One of the most common questions we’re asked is how our fees work, and are a frequent source of confusion for clients. While there are many different ways for attorneys to take a fee, most will tell you in advance what they believe your case should cost and what resources are necessary to win your case at trial. They should, but are not required, to memorialize your fee agreement with them in writing.
Our attorney fees can be broken down into three basic types: flat fees, retainers, and fees to be placed in trust accounts.
At Longman Jakuback, we usually structure our fees in a mixed retainer/trust agreement. We start with what we call a minimum retainer, paid to us for what we believe will be the amount of time and resources that will be required to win your case. In order to get this number, we multiply our hourly rate by the amount of time we believe it will be necessary to dedicate to your case, and then add in investigative expenses, the costs of experts, and any other costs that we believe may arise. This amount is due upfront.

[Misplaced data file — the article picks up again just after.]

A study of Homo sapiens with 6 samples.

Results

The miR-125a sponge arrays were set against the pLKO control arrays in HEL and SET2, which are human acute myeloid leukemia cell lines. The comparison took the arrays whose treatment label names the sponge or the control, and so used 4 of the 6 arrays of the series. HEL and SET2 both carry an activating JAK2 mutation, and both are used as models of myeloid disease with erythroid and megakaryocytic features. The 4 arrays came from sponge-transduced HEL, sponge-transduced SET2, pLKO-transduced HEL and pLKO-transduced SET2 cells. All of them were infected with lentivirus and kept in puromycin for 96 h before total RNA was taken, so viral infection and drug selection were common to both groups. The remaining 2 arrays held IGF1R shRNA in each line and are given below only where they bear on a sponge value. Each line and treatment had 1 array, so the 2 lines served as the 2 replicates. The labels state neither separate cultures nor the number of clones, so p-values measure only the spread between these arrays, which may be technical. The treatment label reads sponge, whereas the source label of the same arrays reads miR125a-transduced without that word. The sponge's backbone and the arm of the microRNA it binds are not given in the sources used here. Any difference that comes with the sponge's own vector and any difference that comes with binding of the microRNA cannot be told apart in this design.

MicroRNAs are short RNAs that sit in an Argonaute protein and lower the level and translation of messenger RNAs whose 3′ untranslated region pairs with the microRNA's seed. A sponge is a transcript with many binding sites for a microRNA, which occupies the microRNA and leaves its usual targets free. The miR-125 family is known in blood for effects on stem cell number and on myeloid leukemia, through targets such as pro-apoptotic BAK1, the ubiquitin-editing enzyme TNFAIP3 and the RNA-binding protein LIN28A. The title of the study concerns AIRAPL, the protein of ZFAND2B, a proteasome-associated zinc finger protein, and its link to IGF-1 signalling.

We then credit our hourly rate, and any services needed by experts, specialists, and others against this retainer amount until it is exhausted. At that point, if your matter has not been resolved, we ask that you make periodic deposits into our trust account in order for us to continue litigating your case. Any amount left in our trust account at the end of the case is then returned to the client. This is typically how we structure our contracts and fees.